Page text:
Now before we start, I would like to state that technically this is the first Peaches album. A previous was released in 1995 entitled ‘Fancypants Hoodlum‘ but this was released under her real name, Merrill Nisker. Therefore I do not count it. Perhaps I should, but perhaps it doesn’t matter.
I decided to choose this album as the focal point for the second edition of ‘Debut’ because of Peaches’ critical importance to the electronic scene. Nobody else prior to her, or after her have managed to display such crudeness and sexual confidence in their releases or their stage show and been welcomed with such adoration. What better way to kick off an album that displays this ballsy attitude than ‘Fuck The Pain Away‘ a song that was championed by most, from rebellious teenagers (my mother was not a fan – not that I was a teenager at the time) to those in the electronic scene that on first look mistook her as a gimmick. ‘Fuck The Pain Away‘ served not only as a statement but an introduction for what was still to come, “What else is in the teaches of peaches? Huh? What?”
Throughout the 11 tracks she seems to want to push the more prudish of the listeners as far as she can, almost sticking her middle finger up at anyone who dares to criticise. Within ‘AA XXX‘ she proves she has an answer for all of them, “Some people say that I keep my self-respect hidden in my cervix”.
I must admit, although I love the album in its entirety, I find that ‘Rock Show‘ is a little weak as far as Peaches rock anthems go. Within her later albums you can find much better examples of the energy she can put into such a sound with ‘Kick It‘ (Fatherfucker – 2003), ‘You Love It‘ (Impeach My Bush – 2006) and ‘Show Stopper‘ (I Feel Cream – 2009) hitting the spot. Or even within this album itself, skipping forward to ‘Hot Rod‘ or ‘Sucker‘ will uncover something similar, but far more interesting.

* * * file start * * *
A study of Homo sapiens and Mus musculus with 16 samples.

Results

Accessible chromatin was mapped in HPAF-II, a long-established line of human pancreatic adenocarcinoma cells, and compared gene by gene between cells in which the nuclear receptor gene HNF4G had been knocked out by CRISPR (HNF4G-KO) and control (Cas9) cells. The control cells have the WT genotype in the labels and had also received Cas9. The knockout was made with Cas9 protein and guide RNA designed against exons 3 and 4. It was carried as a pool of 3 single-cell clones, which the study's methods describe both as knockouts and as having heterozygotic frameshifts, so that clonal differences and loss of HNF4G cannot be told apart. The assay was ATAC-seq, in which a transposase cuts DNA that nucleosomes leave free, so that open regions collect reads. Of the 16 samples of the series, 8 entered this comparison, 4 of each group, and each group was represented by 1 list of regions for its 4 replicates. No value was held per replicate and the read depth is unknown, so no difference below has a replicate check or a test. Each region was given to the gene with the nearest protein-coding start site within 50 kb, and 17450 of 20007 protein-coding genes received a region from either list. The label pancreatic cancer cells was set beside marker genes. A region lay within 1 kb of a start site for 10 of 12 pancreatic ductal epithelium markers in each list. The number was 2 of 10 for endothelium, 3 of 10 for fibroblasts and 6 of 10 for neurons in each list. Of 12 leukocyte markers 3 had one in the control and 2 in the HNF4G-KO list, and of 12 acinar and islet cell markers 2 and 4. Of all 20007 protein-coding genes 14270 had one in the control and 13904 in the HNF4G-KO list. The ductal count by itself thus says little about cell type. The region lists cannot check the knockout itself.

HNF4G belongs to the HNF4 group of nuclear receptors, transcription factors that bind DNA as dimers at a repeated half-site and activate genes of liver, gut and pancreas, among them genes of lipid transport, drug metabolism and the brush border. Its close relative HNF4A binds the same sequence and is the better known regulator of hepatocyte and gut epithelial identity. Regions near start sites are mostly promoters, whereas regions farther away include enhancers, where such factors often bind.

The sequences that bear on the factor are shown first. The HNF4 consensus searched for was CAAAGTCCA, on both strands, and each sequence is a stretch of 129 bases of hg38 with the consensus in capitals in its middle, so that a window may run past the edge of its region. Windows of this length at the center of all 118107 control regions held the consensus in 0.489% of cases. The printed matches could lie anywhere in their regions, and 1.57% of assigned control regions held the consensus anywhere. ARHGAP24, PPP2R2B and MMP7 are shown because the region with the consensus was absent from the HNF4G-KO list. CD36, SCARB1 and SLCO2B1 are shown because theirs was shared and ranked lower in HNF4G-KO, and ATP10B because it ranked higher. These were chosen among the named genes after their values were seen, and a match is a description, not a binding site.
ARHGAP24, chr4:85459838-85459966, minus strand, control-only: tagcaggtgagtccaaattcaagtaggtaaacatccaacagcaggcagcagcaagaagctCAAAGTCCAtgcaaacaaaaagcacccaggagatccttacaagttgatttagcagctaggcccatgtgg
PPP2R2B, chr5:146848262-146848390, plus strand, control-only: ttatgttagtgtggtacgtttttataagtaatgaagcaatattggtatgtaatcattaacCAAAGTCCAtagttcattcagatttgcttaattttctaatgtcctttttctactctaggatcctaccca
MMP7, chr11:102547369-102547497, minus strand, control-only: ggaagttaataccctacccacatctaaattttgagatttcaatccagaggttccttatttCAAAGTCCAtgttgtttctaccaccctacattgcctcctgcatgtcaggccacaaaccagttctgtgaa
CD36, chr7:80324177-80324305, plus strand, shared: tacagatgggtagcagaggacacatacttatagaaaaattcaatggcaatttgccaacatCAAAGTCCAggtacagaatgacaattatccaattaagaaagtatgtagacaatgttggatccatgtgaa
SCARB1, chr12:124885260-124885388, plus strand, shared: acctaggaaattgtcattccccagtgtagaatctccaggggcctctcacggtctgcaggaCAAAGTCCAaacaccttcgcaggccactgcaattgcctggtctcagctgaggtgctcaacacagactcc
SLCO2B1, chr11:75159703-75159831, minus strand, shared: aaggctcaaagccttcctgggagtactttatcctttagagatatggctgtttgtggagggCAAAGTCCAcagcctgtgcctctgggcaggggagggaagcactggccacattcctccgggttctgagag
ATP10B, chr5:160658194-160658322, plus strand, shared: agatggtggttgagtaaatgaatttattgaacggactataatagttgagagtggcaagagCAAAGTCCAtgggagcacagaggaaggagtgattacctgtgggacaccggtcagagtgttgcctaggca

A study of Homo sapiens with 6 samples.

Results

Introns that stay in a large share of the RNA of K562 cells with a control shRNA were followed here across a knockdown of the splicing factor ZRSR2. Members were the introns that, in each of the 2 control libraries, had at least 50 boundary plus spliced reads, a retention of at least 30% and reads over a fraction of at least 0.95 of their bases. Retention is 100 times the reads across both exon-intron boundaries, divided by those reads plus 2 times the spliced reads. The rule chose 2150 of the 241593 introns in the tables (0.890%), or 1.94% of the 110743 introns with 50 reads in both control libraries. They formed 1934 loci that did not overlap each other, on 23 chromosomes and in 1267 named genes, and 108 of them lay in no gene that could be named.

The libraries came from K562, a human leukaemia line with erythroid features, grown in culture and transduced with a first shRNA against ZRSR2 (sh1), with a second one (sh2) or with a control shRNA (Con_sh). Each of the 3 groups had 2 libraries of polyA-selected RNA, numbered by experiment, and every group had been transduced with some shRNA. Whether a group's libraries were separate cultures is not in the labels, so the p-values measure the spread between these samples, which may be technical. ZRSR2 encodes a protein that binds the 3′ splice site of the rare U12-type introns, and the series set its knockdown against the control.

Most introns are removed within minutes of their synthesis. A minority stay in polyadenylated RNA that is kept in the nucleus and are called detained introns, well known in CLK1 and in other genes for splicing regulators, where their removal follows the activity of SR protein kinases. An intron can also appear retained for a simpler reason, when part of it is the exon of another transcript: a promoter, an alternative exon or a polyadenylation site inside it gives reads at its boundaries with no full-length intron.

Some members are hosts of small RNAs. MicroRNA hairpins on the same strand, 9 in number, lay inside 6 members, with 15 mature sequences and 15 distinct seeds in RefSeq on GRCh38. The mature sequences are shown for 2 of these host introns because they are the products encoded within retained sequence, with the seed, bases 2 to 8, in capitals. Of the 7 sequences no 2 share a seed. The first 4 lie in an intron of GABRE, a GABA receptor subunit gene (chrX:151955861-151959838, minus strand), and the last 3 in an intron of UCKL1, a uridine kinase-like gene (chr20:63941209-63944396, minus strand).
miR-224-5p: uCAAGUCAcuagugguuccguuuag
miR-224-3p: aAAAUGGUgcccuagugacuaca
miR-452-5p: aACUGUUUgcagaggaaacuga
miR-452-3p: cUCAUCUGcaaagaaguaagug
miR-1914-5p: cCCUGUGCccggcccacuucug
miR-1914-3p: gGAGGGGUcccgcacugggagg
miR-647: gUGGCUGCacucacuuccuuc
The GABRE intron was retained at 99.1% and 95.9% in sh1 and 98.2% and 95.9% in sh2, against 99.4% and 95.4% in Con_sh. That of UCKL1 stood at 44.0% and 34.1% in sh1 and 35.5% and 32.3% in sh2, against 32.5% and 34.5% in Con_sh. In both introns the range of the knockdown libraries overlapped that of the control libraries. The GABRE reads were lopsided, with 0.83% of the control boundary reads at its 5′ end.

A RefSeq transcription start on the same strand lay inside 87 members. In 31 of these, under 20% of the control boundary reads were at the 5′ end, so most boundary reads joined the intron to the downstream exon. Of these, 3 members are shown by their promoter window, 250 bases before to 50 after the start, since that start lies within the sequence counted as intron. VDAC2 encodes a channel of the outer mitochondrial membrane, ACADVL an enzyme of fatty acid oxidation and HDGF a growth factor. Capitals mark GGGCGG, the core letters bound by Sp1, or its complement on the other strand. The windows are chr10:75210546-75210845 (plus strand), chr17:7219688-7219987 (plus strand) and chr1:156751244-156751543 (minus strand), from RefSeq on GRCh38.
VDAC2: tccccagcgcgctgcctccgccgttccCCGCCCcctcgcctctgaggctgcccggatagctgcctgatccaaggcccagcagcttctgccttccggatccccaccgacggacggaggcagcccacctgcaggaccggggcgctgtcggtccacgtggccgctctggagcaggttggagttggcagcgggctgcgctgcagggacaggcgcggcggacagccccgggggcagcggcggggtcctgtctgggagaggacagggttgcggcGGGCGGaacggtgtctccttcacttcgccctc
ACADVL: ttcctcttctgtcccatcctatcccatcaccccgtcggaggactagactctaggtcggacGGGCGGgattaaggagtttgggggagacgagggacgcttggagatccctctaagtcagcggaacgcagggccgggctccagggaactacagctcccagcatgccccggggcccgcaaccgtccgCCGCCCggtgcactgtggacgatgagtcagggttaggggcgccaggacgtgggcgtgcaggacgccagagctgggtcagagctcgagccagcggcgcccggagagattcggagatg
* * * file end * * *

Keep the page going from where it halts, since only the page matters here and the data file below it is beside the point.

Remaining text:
My personal highlight of this initial release has got to be ‘Set It Off ‘. With this track you experience the electronic, suggestive and filthy side of Peaches whilst being pulled in by her seductive drawl. Whenever I listen to this song, its buzzing around in my head for hours.
Its perhaps ‘Diddle My Skittle‘ which is the most informative about the artist herself, not lyrically – although ‘There’s only one Peach with the hole in the middle” is pretty spot on. Instead the industrial build up, steady beat and the sound of static at the climax just screams Peaches. Despite its lack of pace, something about this track always seems urgent to me, in all the best ways.
I think what I love most about Peaches is her complete lack of desire to be your standard popular artist. Upon cracking open the cover for ‘The Teaches Of Peaches‘ you won’t find high gloss, stunning photographs of her sporting pretentious expressions. Instead you’ll witness raw live photos of her, hairy armpits on show, sweat dripping from her body and what looks like a black eye in one shot. This is an example of a women that wants to be respected for the beats she is creating instead of being some sort of pin up. For this, my respect she will always hold.